Calligrapher (1966)

In a quiet reverie my left hand,
In a quiet reverie tracing a mortar circle on glass, my left hand
Grinds the black in while my right hand
Rests, fallen into a leopard’s grace of waiting,
Composing itself for the shaping of an ideal form
Glimpsed with a tantalus delight in the twilight of the mind’s search
            and the heart’s recognition,
A shape fluid as water, strict as a crisp enunciation
Uttered against all hazard out of the strong tradition of Hsing Shu.
The left hand dreams in its motion, the right hand rests in its stillness,
The mind, composed and quiet with the turning motion and motionless
Meditates examples of excellence and dwells (though it shouldn’t)
On the hope that my old companion will extend his wry approval –
He who in gorgeous robes – did I dream this? – in a mountain setting
(our serving men discreetly at a distance, and the air still)
Once presented to me in deference some writing of his own and asked
            me for some of mine.
Will my mind today grow quiet enough and strong enough in its
            concentrated ease
To impel from the shoulder with swashbuckling force in one lyrical sweep
The act of insolent grace, body and mind, that moves a mountain and
            makes a poem of these characters.
Springing like a shout from heart, eye, and hand, and the secret places that
            love springs from, and
Gathered into a great impetuous outburst of drunken largeness and
            biblical severity.
And what, resting and revolving, shall I compose or frame
In the mind’s eye and out of the heart’s crevices?
 Some well-turned and memorable compliment? An exercise in virtuosity?
A royal turn of phrase perhaps, touching beauty or the turning of the seasons,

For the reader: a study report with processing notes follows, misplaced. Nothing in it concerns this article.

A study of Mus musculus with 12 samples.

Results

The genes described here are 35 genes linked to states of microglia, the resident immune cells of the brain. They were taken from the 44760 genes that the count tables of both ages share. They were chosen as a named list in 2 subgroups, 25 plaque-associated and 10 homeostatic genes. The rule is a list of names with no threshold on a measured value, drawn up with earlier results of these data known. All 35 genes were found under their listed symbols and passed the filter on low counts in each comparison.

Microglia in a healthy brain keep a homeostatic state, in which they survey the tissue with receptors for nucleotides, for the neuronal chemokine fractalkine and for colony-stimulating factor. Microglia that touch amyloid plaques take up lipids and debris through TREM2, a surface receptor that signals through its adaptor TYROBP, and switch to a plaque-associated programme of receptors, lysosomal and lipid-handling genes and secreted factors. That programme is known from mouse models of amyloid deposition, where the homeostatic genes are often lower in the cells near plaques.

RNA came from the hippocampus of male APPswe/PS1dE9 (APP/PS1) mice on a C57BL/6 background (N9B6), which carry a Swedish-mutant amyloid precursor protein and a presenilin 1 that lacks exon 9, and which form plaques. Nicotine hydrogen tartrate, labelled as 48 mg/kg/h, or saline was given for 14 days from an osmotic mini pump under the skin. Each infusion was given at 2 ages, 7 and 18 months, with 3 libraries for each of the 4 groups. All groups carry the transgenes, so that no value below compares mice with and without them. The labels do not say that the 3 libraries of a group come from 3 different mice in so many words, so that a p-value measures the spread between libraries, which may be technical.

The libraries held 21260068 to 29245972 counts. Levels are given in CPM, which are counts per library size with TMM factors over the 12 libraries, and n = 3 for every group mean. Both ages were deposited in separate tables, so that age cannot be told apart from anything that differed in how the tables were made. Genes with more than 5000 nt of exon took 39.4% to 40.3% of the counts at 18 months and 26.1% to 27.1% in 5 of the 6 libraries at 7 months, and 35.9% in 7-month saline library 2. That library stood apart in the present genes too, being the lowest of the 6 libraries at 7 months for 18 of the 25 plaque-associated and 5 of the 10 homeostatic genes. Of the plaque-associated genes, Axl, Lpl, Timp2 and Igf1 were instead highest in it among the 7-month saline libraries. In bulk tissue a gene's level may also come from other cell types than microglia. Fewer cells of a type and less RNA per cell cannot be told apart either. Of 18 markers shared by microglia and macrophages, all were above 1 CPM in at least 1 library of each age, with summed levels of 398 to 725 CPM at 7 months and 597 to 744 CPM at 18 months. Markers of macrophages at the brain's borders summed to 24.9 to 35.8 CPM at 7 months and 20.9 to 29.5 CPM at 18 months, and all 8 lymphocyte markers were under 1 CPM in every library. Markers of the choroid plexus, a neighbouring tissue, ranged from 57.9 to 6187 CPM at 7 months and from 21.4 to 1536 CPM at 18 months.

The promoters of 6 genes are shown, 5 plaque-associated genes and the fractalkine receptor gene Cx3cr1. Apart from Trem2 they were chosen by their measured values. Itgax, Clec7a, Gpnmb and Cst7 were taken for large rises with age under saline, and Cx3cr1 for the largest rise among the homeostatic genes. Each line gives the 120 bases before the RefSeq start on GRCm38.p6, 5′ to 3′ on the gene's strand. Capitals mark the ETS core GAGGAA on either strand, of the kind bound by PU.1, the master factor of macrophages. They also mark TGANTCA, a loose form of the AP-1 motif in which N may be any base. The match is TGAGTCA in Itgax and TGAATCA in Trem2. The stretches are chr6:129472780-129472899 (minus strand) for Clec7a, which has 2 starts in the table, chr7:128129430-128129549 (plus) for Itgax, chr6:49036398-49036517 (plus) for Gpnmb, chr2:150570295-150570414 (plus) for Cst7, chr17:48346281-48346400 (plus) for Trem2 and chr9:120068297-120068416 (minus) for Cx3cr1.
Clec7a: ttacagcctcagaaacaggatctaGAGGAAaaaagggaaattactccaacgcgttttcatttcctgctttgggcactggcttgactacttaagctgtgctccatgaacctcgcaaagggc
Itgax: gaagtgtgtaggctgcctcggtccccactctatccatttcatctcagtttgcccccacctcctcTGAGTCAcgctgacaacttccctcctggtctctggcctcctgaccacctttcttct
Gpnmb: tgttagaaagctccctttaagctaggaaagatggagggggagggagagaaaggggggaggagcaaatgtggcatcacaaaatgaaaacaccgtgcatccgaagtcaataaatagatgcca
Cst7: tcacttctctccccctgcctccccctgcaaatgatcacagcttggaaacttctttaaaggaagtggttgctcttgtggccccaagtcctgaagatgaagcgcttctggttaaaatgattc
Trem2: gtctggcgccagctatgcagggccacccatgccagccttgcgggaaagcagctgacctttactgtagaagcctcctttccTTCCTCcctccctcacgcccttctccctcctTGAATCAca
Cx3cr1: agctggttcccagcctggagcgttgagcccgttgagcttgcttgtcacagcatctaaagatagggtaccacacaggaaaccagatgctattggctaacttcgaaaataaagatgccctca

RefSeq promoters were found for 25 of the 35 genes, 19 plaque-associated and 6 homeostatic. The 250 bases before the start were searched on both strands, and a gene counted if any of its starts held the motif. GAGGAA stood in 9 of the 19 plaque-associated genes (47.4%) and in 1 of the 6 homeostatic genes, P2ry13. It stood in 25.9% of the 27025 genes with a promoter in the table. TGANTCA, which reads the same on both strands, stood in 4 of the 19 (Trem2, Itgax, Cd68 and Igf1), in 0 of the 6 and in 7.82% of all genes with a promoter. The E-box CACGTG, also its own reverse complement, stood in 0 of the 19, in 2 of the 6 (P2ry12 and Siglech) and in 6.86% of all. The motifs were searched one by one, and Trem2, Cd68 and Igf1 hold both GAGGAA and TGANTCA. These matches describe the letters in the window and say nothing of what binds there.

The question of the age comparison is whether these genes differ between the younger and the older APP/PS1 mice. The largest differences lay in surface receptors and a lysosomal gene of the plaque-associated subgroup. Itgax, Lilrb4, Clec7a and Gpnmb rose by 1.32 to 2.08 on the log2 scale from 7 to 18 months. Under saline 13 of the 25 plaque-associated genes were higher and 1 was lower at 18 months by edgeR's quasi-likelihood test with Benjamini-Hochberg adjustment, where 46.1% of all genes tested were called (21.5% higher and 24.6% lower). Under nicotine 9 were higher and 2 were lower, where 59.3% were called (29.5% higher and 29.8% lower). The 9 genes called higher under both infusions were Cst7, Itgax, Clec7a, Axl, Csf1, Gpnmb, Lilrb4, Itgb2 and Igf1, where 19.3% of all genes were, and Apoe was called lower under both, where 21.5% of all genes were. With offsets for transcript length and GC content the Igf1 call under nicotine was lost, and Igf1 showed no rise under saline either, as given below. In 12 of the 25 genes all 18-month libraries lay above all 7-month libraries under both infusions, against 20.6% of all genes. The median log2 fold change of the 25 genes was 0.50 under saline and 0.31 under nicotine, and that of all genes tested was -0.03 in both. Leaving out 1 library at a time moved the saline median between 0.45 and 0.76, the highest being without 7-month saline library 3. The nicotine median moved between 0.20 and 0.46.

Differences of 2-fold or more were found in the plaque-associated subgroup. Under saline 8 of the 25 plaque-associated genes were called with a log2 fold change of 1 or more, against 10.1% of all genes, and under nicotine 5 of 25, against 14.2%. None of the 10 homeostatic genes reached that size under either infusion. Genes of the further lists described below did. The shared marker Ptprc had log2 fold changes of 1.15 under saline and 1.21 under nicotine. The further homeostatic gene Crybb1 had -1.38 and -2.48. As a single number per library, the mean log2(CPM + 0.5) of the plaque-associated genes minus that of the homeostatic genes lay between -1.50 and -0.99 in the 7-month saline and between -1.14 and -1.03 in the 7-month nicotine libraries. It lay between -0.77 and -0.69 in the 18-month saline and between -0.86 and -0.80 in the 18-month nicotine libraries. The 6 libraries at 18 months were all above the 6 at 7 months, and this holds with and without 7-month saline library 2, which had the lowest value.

Or the numb and inarticulate grief of time and the ancient hauntings of regret,
Or absence in some desolate place, or the tongue silenced by the dignity
            of the heart?
Or shall I write of the terrible stone violence done to Hui-tsung.
Though his writing Slender Gold bears witness yet to the meticulous
Eloquence of his measured movement and speech – that tall imperial
            figure, slender as his brush-strokes, a young man, learned and skillful
For time has also laid rough hands on Ikhnaton and his beautiful queen
Consigning the City of the Sun to the lizard, the painted brushes, and incised scarabs,
            and the silent mockery of stone hawks.
But there must be a moment when my right hand fully rested must venture forth, sooner
or later, time or no time.
There must be sooner or later a moment when it has composed itself into imperial or
            bombastic certitude, and can say
Something momentous and something old, as wounding as an unbroken promise, say –
Ten characters: “Wind, rain, home; a foreign place; the thought of home is fire;
A friend, a lover; wine is fire; the heart.” Shall I say this? – declaring thereby
That we grow old in the wind and rain, that home is a place we always leave,
That we suffer alone always, and come upon death alone, and tread down sorrow
            as best we can
So that the heart may flower and all desire in the end be chastened? No wonder
The right hand rests like an idle leopard, and my old writing friend is quizzical;
No wonder my left hand dreams and delays in its long circular reverie as
though the ink were stone and the water a black ice that refuses to flow.
When the spirit of Mi Fei strides silently across the still landscape of my mind,
Pot-bellied, yet sure-footed as an athlete under the towering weight or that
            high dome of his brow,
His shirt flying open throat to navel, enclosed in the splendor of his thought,
I know that the whiskers on the nose of a short-legged pony or the texture of
            rabbit fur or hawk feathers at a saddle bow
Are imperishably true, that here if nowhere else there is a possible matching
            of the hand’s perfection to the cunning duplicity of the eye.